The Power of Nature
Why is it so important for us to connect with nature and be outdoors? Because mounting research shows the profound effect that fresh air, plants, trees and natural outdoor elements have on our health and well being. When you spend time outdoors, especially being active, you can lift your mood, think more positively, feel more internal calm and greater harmony with the world around you.
Recent studies have shown that being in a natural, outdoor environment is one of the very best things you can do for your health:
Levels of serotonin, a neurotransmitter that helps regulate our mood, rises when we are outside. A study at the University of Queensland found that regular outdoor runners were less anxious and depressed than people who ran indoors on a treadmill, and had higher levels of post-exercise endorphins, the feel-good brain chemicals associated with “runner’s high".
- Exposure to nature reduces pain and illness and speeds recovery time. In one study of post-operative patients, those who had rooms with a view of natural surroundings needed less pain medication and spent fewer days in the hospital than those who faced a brick wall. In another study of prisoners in Michigan, those who were able to view sky, grass and trees had 24 percent fewer infirmary visits and significantly fewer digestive illnesses and headaches.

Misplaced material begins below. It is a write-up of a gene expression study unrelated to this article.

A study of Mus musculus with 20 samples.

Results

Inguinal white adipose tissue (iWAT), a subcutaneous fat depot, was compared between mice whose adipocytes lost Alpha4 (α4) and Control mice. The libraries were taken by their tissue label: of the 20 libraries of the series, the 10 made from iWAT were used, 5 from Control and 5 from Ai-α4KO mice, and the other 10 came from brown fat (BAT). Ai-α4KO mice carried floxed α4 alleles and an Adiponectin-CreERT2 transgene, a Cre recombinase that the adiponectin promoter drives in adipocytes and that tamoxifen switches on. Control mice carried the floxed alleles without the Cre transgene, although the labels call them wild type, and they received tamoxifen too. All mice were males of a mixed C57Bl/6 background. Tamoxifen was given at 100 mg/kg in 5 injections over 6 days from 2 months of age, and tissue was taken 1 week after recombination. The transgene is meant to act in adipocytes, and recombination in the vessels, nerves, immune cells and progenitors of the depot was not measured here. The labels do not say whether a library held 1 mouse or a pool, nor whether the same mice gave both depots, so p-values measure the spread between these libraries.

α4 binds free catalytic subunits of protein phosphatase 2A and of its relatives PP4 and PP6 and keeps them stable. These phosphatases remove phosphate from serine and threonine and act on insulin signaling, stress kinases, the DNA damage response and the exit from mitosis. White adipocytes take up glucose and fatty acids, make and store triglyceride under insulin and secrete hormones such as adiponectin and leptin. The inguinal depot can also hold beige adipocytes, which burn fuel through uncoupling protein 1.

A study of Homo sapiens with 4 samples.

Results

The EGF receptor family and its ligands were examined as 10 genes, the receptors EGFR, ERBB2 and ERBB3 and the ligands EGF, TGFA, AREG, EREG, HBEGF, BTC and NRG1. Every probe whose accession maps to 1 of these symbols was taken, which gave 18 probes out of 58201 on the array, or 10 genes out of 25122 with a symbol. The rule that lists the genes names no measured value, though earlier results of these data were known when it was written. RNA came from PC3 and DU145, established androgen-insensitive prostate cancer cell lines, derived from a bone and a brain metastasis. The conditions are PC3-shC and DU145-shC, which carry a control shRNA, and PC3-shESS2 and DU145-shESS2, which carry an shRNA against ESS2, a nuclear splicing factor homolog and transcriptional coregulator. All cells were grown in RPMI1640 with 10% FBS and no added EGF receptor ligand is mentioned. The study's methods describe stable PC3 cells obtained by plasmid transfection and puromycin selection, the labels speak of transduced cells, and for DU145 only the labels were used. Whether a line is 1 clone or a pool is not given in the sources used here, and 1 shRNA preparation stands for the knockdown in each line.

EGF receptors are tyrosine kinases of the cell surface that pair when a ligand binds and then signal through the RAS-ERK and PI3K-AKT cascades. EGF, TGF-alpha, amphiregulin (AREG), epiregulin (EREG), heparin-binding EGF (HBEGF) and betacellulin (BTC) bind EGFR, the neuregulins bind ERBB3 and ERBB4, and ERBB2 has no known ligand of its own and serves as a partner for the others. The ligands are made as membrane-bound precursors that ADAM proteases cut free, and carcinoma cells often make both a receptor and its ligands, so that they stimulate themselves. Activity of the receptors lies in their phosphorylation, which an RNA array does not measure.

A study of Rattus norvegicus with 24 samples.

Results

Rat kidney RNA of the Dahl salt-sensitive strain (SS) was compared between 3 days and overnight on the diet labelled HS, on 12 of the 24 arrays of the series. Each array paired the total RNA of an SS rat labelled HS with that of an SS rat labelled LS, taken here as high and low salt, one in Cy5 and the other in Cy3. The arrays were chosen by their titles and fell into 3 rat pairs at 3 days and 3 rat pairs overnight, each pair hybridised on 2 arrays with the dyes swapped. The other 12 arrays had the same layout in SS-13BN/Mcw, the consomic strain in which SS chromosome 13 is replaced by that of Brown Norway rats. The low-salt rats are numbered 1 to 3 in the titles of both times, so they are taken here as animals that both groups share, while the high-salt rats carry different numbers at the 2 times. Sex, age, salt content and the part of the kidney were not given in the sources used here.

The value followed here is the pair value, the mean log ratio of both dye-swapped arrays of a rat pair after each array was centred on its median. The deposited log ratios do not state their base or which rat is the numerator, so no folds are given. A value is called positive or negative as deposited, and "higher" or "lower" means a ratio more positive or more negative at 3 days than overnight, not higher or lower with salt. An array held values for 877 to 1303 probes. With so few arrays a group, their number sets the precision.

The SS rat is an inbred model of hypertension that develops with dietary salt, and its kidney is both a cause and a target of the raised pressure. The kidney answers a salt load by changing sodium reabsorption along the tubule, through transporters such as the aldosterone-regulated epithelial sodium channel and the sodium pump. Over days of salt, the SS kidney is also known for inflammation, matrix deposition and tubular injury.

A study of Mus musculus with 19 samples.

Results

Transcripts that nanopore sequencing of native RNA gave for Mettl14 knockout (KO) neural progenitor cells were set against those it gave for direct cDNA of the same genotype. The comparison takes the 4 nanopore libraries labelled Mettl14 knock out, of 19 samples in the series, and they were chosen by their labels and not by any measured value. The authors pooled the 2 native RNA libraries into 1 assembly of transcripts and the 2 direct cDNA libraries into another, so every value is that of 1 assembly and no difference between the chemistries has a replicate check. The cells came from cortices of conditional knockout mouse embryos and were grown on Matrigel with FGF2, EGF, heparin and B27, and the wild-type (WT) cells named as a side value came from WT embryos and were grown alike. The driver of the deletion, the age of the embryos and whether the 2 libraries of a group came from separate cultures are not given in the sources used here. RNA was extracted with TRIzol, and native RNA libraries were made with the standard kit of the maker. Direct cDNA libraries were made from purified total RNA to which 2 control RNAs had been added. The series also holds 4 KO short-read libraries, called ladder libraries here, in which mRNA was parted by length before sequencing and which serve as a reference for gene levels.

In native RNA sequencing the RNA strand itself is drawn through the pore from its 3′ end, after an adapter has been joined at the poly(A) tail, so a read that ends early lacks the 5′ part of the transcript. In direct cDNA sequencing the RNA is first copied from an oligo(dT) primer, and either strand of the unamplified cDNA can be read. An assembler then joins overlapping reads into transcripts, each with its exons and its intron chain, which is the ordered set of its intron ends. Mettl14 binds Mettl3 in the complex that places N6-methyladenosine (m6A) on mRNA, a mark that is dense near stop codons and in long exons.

- Being in nature reduces stress-related anger and enhances sociability. Frances Kuo, a researcher at the University of Illinois, has shown that being around grass and greenery reduces rates of domestic violence and school truancy and leads to better grades and increased social interaction. And a study by Dr. David Lewis, the man who coined the term “road rage,” found that the scent of grass has a significant calming effect on out-of-control drivers.
- You also do your lungs a favor when you exercise outdoors: According to the Environmental Protection Agency, indoor air in the U.S. is two* to five times more polluted than outdoor air (meaning the outdoor air is 75% less polluted than indoor air!). Fresh air is also rich in negative ions (oxygen molecules with an extra electron). These negative ions have been linked to improved sense of well-being, heightened awareness and alertness, decreased anxiety, and a lower resting heart rate.
- NOTE FROM EPA: “Indoor air levels of many pollutants may be 2-5 times, and occasionally, more than 100 times higher than outdoor levels.”
Outdoor Fitness not only delivers all of these very real physiological benefits, it offers you an easy-to-follow, scientifically based, exhilarating way to exercise in the outdoors. Whether you are looking to begin a new exercise program, you’re bored and frustrated with the one you have, or you are looking to increase your sports performance, you will discover a new sense of vitality, confidence, and sheer pleasure of being alive – as your body gets in the best shape of its life. We don’t all need to pick up stakes and move to the woods or the mountains in order to re-establish our health, but we do need to spend time outside. The EPA estimates that we spend more than 90% (many scientists argue this number is higher) of our time indoors, inside our homes, our offices, our cars – we rarely indulge in this connection.